As the digital landscape continues to evolve at an unprecedented speed, organisations are racing to keep pace with revamped cybersecurity strategies.

LogRhythm has released its “2024 State of the Security Team: Navigating Constant Change” report, based on research conducted by Dimensional Research, which finds that 95% percent of companies reported they’ve altered their cybersecurity strategies within the last 12 months.

The research examined several facets of cybersecurity, drawing on insights from a global survey of 1 176 security executives and professionals across five continents. It explored the resources available to security teams, budget allocation, confidence in handling breaches, accountability for breaches, reporting capabilities, and the effectiveness of security communication within businesses.

At the heart of these strategic shifts is the pivotal role of leadership within organisations. The perception of cybersecurity has changed from a purely technical issue to a central pillar of business strategy and corporate governance, with 78% stating that the cybersecurity leader or CEO – or both – are responsible for protecting against and responding to cyber incidents.

“The evolving role of cybersecurity leadership reflects a fundamental shift in how organisations view and manage cyber risk,” says Andrew Hollister, chief information security officer at LogRhythm. “Today’s threat environment demands a collaborative approach, with senior executives working hand-in-hand with security professionals to understand the risks, make well-informed, strategic decisions, and allocate the necessary resources to safeguard the organization and its clients.”

The report finds that the top factors driving changes to security strategy include:

* Keeping pace with the shifting regulatory landscape (98%);

* The need to meet customer expectations for data protection and privacy (89%); and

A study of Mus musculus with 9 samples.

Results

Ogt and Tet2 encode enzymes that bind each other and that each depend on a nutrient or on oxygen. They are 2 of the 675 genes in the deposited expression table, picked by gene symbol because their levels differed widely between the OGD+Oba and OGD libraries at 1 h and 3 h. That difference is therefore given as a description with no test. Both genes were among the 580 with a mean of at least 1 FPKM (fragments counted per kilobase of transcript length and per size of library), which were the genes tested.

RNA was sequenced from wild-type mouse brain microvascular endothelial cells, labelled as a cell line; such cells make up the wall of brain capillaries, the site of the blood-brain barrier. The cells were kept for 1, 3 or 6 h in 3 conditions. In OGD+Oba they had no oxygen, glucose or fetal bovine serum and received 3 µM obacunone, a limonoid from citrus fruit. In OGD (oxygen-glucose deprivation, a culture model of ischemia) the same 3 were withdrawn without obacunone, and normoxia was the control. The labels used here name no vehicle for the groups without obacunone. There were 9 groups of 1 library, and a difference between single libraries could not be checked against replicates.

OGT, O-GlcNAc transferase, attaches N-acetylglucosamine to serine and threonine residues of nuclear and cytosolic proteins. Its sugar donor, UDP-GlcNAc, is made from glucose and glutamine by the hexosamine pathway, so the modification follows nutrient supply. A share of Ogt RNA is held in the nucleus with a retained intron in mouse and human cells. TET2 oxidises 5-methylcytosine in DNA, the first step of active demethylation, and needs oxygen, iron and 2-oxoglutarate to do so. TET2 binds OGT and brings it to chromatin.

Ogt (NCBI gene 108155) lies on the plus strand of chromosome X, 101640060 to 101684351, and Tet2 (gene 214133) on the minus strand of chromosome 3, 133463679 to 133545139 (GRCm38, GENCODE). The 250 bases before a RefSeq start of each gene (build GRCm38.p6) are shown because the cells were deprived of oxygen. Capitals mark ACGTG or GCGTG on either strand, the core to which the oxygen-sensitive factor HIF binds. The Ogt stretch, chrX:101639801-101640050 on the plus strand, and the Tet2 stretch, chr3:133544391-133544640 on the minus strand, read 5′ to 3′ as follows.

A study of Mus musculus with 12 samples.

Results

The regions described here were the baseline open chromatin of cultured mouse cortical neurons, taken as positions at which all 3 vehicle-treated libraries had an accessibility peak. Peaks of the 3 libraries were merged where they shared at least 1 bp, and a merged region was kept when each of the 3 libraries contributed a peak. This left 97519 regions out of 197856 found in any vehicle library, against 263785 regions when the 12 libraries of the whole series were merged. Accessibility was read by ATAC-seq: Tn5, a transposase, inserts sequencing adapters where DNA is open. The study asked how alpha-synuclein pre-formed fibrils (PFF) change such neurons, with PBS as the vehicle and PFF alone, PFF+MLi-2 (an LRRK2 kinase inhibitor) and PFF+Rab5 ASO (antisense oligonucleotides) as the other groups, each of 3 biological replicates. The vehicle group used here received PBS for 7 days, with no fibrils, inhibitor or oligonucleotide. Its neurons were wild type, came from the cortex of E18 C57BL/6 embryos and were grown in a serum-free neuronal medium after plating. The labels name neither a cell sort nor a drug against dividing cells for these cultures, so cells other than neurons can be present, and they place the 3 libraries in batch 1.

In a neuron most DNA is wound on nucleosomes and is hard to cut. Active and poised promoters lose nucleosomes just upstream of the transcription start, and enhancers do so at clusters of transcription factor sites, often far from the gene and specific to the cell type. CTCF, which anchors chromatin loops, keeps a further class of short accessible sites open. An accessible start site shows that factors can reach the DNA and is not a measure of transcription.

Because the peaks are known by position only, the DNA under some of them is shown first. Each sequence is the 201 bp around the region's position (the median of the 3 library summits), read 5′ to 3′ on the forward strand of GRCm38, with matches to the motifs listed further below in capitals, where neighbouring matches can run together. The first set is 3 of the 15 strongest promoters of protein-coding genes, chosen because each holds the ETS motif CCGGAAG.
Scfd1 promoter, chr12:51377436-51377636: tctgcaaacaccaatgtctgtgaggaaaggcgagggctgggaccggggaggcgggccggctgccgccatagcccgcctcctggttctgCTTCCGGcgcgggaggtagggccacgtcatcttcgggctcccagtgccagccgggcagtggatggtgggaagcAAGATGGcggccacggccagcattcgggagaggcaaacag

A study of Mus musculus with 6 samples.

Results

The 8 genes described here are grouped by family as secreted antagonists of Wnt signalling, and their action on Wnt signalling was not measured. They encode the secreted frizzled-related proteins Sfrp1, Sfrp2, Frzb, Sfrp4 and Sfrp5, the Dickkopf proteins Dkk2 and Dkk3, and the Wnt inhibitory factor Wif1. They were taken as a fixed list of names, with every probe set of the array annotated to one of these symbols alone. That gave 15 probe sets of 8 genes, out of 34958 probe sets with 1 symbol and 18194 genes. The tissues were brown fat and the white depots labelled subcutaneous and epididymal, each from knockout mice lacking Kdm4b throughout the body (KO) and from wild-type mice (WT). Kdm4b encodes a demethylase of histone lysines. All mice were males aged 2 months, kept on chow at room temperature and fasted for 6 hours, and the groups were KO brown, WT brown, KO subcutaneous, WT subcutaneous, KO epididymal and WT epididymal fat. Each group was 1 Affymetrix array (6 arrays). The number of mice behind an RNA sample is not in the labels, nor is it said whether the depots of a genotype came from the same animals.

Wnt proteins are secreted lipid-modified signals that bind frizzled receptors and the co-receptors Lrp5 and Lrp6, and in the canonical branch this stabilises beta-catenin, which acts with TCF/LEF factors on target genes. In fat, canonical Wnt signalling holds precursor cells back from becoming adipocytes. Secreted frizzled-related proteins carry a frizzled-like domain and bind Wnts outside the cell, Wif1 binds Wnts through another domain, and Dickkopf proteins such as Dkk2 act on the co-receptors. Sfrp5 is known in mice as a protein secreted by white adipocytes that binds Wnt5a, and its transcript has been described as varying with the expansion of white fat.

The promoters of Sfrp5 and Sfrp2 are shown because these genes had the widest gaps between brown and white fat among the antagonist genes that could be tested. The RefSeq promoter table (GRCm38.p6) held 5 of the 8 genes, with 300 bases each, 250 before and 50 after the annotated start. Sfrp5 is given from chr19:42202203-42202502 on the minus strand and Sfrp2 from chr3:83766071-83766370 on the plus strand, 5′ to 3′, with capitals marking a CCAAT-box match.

* The rise of AI-driven threats and solutions (65%).

However, amid the shifting tides, effective communication between security teams and non-security executives remains a significant gap. Almost half (44%) of non-security executives don’t understand the regulatory requirements that the company must adhere to.

In addition, 59% report difficulties explaining the necessity of specific security solutions to non-security stakeholders, indicating a pressing need for enhanced reporting mechanisms to navigate the complexities of decision-making in the modern security landscape.

As security evolves, 76% of respondents say they have experienced increases to their budget to better manage emerging threats and nearly eight in 10 say they now have the right resources to defend their company from cyberattacks. In addition, 79% percent of security professionals now rate their security defense as either good or excellent.

It remains to be seen whether this is overconfidence, especially since security teams aren’t reporting on key operational metrics that define whether their security investments and strategy changes have a measurable impact. The research found that fewer than half of security teams are reporting on time to respond (49%), time to detect (48%), and time to recover (45%).

Meanwhile, the majority (61%) of security teams are still using manual and time-intensive approaches to share security status information.